Senate Democrats are questioning Republican strategist Karl Rove about which GOP Senate candidates he considers "ill-suited" for the 2014 election.
Rove wrote in an op-ed published Thursday in the Wall Street Journal that the Republican Party should avoid candidates who could self-destruct or lose leads in key states. He used the op-ed to highlight several Democratic senators he believes Republicans could defeat, but did not name any GOP candidates that would be detrimental to the party's goal of recapturing the Senate majority.
"Republican success will depend on having quality Senate candidates," Rove wrote. "Todd Akin and Richard Mourdock self-destructed last fall, and other candidates squandered important opportunities."
Rove's work recruiting Senate candidates has put him at odds with the tea party, which sees him as trying to make the GOP too moderate. Republicans are attempting to avoid the Senate primaries the party faced in 2010 and 2012.
The Democratic Senatorial Campaign Committee was quick to point out that Rove did not say specifically who he considers "ill-suited," and that it was unlikely that the GOP could avoid primaries.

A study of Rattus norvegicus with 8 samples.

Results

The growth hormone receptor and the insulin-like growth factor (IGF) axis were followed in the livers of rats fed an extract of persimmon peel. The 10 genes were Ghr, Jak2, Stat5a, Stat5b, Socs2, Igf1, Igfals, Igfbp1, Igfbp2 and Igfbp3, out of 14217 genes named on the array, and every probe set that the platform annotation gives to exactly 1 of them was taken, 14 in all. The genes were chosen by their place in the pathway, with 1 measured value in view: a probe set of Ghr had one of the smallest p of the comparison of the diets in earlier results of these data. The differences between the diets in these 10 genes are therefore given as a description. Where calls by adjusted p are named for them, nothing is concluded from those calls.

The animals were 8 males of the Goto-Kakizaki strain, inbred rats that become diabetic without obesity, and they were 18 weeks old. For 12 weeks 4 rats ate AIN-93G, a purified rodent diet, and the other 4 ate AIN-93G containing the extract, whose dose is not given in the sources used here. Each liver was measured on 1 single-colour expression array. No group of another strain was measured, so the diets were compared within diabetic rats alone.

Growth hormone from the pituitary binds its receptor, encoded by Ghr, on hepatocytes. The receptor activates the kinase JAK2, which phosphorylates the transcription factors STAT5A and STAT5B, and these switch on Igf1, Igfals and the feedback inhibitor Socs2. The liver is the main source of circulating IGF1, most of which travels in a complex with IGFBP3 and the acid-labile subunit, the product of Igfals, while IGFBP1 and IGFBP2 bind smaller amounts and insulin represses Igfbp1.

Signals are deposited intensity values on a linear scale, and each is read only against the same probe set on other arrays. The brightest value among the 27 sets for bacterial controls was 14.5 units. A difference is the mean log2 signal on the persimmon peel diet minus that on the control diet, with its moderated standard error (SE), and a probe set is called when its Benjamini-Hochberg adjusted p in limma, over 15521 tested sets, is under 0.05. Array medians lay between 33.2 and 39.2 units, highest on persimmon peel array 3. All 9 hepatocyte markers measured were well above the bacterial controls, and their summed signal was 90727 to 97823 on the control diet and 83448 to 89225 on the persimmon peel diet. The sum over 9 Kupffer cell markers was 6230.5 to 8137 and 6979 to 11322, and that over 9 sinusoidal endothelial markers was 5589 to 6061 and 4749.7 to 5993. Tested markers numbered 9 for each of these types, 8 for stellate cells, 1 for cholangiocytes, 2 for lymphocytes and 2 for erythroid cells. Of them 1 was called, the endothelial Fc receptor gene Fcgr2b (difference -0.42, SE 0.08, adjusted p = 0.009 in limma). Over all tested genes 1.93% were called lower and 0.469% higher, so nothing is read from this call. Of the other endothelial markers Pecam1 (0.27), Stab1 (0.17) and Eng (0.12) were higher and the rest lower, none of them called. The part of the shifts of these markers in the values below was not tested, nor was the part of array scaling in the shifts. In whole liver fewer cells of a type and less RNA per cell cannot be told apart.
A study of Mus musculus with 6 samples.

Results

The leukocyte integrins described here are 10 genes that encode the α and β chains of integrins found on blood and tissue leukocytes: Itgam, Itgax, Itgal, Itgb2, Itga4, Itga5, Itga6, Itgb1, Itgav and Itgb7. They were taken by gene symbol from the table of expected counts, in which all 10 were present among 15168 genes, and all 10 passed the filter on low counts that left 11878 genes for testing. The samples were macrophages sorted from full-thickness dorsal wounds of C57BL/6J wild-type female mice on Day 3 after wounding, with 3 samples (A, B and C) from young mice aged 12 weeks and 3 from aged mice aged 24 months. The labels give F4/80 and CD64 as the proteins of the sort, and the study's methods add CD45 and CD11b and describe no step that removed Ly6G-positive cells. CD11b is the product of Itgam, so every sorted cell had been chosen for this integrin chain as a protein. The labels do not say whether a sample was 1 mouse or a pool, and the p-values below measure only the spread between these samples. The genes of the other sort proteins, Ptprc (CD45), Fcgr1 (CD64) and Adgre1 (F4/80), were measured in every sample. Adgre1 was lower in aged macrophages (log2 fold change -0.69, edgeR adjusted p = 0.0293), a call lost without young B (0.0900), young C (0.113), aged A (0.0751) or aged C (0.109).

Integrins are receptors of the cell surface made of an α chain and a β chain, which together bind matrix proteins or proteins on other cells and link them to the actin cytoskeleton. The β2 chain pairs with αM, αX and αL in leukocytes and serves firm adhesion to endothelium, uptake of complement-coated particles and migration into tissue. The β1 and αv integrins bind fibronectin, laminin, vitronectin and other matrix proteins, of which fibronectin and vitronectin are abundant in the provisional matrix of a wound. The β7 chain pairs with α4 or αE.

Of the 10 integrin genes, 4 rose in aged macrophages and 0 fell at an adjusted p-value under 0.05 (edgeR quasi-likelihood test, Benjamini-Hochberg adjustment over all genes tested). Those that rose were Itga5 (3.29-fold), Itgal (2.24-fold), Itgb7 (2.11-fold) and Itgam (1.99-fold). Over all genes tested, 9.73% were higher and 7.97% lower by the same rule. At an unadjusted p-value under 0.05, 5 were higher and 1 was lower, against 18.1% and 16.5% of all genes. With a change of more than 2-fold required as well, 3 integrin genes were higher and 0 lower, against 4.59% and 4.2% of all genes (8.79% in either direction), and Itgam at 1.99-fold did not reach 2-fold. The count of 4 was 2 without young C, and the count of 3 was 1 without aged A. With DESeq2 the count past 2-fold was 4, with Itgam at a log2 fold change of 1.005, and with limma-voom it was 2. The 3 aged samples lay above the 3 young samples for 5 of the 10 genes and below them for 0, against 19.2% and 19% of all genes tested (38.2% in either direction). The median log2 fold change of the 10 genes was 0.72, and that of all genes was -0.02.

“Republican primary voters have a right to know who GOP boss Karl Rove thinks is awful,” DSCC spokesman Justin Barasky said in a statement obtained by The Huffington Post. “Rove promised his big donors he would weed out bad candidates and back establishment Republicans, but Tea Partiers and rank-and-file conservatives simply don't trust their party leadership in Washington and don't want them hand picking their Senate nominees.”
The DSCC is asking Rove to comment on certain candidates, including Alaska Republican Joe Miller, who detained reporters at an event during his 2010 Senate race; Georgia Rep. Jack Kingston, who has stressed his strong conservative position in a probable GOP primary; and Iowa Rep. Steve King, who compared immigrants to dogs in 2012.
Rove's chief of staff said Rove was traveling and did not have a response to the DSCC.